Jessica Kehinde Ngo will be signing Second Twin, First Twin on Sunday, November 15th, from 12 - 2 p.m.
When 24-year-old Jessica Kehinde Ngo decided to research and write about the meaning of her middle name for her master’s degree graduation thesis, she had unsuspectingly embarked on a journey to discover her fascinating Yoruba tribal heritage in Nigeria. The USC graduate student and identical twin learned that all twins in her culture have preordained names – the firstborn is called ‘Taiwo’ or ‘The Taster of the World,’ and the second twin is called ‘Kehinde’ or ‘The Late Arrival.’
The first generation Nigerian-American admits that she initially had a scant knowledge of her roots.“My dad didn’t talk much about it. There were snippets of things about when he grew up there, but that’s it,” Ngo says.
As she scoured for more information, she soon realized that the Yoruba tribe is still a largely unexplored subject. Ngo recalled her surprise when she found out a twin-study expert in Irvine was unaware of the Yoruba twins, despite the tribe having the highest twinning rate in the world.“I thought it is my job to write about it,” she says.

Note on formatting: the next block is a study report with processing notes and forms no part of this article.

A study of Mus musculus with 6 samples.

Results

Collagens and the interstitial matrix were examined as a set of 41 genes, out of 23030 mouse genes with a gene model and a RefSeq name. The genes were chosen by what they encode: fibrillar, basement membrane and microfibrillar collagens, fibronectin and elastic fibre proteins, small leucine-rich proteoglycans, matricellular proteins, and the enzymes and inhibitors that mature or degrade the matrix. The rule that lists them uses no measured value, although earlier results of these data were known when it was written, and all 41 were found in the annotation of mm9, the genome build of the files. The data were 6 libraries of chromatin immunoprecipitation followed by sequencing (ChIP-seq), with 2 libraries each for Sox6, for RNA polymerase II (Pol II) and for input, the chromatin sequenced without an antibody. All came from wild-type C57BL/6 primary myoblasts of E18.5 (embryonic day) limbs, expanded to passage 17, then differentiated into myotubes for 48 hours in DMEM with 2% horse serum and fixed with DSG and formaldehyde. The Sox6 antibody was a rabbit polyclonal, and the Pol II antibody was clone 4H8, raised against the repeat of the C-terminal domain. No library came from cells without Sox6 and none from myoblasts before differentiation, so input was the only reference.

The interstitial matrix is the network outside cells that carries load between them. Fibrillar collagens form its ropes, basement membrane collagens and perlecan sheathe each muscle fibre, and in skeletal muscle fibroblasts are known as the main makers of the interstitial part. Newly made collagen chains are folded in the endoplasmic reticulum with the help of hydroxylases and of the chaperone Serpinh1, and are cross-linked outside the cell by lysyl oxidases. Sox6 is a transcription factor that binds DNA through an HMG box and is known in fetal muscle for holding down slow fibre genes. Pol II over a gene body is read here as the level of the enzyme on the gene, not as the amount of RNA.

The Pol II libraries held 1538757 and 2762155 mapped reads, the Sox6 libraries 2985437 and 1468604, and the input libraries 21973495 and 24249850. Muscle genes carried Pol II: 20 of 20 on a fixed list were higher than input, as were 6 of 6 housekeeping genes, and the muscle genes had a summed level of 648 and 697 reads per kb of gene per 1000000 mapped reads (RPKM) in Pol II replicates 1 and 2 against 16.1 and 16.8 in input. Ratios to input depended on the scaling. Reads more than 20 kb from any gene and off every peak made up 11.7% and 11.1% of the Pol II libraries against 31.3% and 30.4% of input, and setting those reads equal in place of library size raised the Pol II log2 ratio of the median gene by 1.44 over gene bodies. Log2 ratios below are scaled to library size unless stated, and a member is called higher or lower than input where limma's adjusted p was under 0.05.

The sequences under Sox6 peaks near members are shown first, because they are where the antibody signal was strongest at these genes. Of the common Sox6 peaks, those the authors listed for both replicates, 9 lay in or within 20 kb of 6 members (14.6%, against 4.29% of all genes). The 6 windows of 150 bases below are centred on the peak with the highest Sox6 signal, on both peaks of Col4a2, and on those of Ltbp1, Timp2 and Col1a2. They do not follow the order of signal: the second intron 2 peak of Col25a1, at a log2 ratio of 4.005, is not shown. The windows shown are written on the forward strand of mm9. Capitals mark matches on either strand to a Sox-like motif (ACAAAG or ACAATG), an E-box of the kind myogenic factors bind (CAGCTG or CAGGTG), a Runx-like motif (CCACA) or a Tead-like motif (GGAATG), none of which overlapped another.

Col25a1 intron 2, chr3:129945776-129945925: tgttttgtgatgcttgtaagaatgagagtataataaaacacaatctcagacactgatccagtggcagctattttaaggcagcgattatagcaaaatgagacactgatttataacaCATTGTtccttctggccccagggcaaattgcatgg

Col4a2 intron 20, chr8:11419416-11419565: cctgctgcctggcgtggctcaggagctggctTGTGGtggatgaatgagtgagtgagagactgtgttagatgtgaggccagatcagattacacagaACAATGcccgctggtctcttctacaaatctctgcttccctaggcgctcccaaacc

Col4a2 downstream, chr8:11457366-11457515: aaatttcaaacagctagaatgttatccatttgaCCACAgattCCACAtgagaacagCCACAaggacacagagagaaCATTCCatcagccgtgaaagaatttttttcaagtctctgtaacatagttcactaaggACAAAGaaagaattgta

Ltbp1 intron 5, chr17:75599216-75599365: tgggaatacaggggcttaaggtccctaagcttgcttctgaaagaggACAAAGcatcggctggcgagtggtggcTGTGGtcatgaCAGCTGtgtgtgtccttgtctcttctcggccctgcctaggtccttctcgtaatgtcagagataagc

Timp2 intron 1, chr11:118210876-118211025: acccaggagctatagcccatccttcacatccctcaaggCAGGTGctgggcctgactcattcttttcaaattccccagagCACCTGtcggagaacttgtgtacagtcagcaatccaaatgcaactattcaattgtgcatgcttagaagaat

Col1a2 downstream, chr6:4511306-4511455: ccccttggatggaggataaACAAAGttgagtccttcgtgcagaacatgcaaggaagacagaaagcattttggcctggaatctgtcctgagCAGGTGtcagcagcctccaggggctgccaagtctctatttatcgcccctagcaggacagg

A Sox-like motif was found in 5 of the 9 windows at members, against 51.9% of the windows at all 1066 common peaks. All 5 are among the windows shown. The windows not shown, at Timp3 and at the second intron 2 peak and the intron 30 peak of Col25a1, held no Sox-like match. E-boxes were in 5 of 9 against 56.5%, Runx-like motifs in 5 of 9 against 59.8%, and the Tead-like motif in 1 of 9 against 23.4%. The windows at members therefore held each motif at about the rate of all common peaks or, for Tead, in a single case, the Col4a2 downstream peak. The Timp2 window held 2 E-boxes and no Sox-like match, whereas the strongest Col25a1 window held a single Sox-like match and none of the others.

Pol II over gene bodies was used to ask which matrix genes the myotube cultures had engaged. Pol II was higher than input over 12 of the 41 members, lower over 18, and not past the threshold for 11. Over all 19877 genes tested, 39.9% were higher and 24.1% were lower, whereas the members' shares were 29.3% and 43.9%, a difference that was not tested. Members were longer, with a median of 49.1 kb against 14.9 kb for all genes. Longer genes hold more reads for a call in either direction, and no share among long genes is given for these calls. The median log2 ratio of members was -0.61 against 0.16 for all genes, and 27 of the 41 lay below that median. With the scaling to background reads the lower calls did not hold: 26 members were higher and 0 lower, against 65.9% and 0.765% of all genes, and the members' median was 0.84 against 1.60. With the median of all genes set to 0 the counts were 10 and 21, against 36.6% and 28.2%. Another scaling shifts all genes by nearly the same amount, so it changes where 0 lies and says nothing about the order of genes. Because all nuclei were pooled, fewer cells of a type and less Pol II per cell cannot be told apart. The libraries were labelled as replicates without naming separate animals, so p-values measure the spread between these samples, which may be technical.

The thesis then evolved to become Ngo’s book, Second Twin, First Twin. Ngo is confident that her book will find a large audience base. She says that many people are fascinated with the twinning phenomenon, pointing out that there are many famous twins such as Mary Kate and Ashley Olsen. Ngo also believes the book will educate people about Nigerian traditions and superstitions surrounding twins.